New Publication

  • Kumpuvuori, J. & Katsui, H. (2009) “Disability, Human Rights and Human Security: case study on human rights advocacy activities of organisations of persons with disabilities in Uganda and Finland.” Spanda Foundation Quarterly Newsletter Vol.III.No.1.P.14-20.


By Hisayo Katsui

My old friend, Marianne Nylund, and her colleague, Jouni Kylmälä, are teaching an intensive course on disability entitled "International Perspective on Disability and Human Rights" at Diaconia University of Applied Science at Järvenpää in April-May. It is great to realise that disability finally started to attract attention in different academic institutions.

Yesterday, I had the great opportunity to give a lecture on participatory research. The students were mainly majoring in Social Work and from different countries (Nepal, Germany, Finland, Chile and Kenya). They were highly motivated and active during the class, and I enjoyed the time very much. Thank you for the students!

I'm going to give another guest lecture on "Human Rights and Disability in Global Context" in two weeks time. I'm looking forward to it.


Hisayo in "Accessibility for All at Higher Education" Seminar

By Hisayo Katsui

<--In the picture, Amu Urhonen is talking about the link between education and daily life outside of the education institutions.

on 6-7.5.2009, the seminar was organised in Helsinki. There were 120 participants, most of whom were university staffs, students' associations, and organisations of persons with disabilities from all over Finland. This is part of a project (http://esok.jyu.fi/) funded by the Finnish Ministry of Education between 2006 and 2009 to improve the accessibility (not only physical but also attitudinal/psychological/social ones) of students with disabilities at Finnish higher education institutions.

Some keynote speakers were from Norway, Sweden and UK which have all developed systematic and legal environments to ensure accessibility of their students with disabilities. In those countries, major universities have accessibility/disability coordinators as a focal point and they give general and specific advices both to teachers and students how to make the education accessible. In Sweden, 0.3% of the annual university budget is earmarked for meeting different needs of students with disabilities, while Norway has a National Coordinator for Accessibility in Higher Education established by the Ministry of Education in 2003 as a permanent structure supporting accessibility issues. Both universal design and individual adjustment with reasonable accommodations are argued to be necessary.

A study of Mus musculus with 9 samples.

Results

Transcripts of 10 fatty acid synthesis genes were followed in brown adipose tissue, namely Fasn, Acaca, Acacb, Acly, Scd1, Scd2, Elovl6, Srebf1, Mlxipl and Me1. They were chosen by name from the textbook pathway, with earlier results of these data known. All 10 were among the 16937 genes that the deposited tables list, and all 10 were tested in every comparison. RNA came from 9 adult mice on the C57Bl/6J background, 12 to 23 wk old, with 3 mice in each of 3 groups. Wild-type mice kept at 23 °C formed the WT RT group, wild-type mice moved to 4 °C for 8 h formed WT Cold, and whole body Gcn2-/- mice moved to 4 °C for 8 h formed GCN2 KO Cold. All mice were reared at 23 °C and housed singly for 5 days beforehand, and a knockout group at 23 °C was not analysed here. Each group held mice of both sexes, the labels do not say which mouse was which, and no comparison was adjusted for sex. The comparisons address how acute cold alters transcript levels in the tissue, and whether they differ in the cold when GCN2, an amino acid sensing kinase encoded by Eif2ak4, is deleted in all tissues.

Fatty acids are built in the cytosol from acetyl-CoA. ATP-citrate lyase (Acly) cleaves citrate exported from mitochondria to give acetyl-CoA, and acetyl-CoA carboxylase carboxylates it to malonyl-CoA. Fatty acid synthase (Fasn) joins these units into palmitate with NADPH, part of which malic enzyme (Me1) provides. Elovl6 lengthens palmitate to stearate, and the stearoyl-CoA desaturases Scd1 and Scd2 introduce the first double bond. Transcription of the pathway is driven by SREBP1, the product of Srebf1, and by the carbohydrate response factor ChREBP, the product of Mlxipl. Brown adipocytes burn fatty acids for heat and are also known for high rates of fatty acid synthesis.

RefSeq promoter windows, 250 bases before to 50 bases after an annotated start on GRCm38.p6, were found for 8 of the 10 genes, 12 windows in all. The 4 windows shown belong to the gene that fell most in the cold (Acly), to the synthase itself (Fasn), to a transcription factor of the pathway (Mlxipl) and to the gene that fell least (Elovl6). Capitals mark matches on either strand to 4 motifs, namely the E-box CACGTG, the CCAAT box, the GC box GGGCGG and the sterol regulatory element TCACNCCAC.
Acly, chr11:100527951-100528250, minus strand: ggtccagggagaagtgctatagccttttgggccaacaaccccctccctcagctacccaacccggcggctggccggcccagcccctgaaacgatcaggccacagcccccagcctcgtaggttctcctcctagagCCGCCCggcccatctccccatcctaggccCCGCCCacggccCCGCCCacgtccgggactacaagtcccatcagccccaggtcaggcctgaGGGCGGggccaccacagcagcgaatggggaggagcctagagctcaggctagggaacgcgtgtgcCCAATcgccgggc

On the second day, more down-to-earth accessible teaching methods were introduced in different groups. I attended the ones by Professor Alan Hurst of UK and by Paula Pietilä of Finland who is the disability coordinator at Turku University. It was pointed out that anticipatory duty is important. That means, teachers take a measure to reasonably accommodate students with different impairments even before the students disclose their impairments. For instance, majority of students with disabilities in higher education institutions are those with dyslexia at present. One of their biggest challenges is note taking. To remove this challenge away, teachers can deliver lecture notes beforehand to students. Also, for visually impaired students, teachers can make sure that visual materials are accessible. However, “as inclusive as possible” has some limitation because teachers cannot anticipate and have knowledge on all needs of different individuals. Then, teachers are supposed to encourage students to disclose their impairments to facilitate accessibility arrangement. Agreement of confidentiality or permission of sharing the information with other teachers would be asked at this point.

Amu Urhonen from the students' association made an important link between education and daily life outside of the educational institutions: when the arrangement for living daily lives does not go well (ex. When one does not know who goes shopping tomorrow), the education becomes inaccessible.

Compared with the situations in those countries, our Finnish academic environment is lagging far behind. Accessibility/disability coordinators are situated in only few universities, though the awareness is increasing especially when social aspect has become important in the Bologna Process. In Finland, accessibility is not a priority in many higher education institutions, while each university is responsible for allocating resources for improving the accessibility. Many of the adjustments are made on sporadic terms, and persons with disabilities too frequently have to fight for it or to give up.

This was a timely seminar for our project, too, as we have encountered too many difficulties in our academic lives during the last few years. Our team discussed how to make the perception towards accessibility to an added value for the university rather than costly problems of individuals. We hope and try to influence that accessibility will be part of the quality work that the university ensures and makes efforts on, because it is a good advertisement of the university to even PR when accomplished!Hopefully more policy makers both at national level and at education institution level see this as a great opportunity and exercise their political will and leadership to make a positive change in the near future also in our country.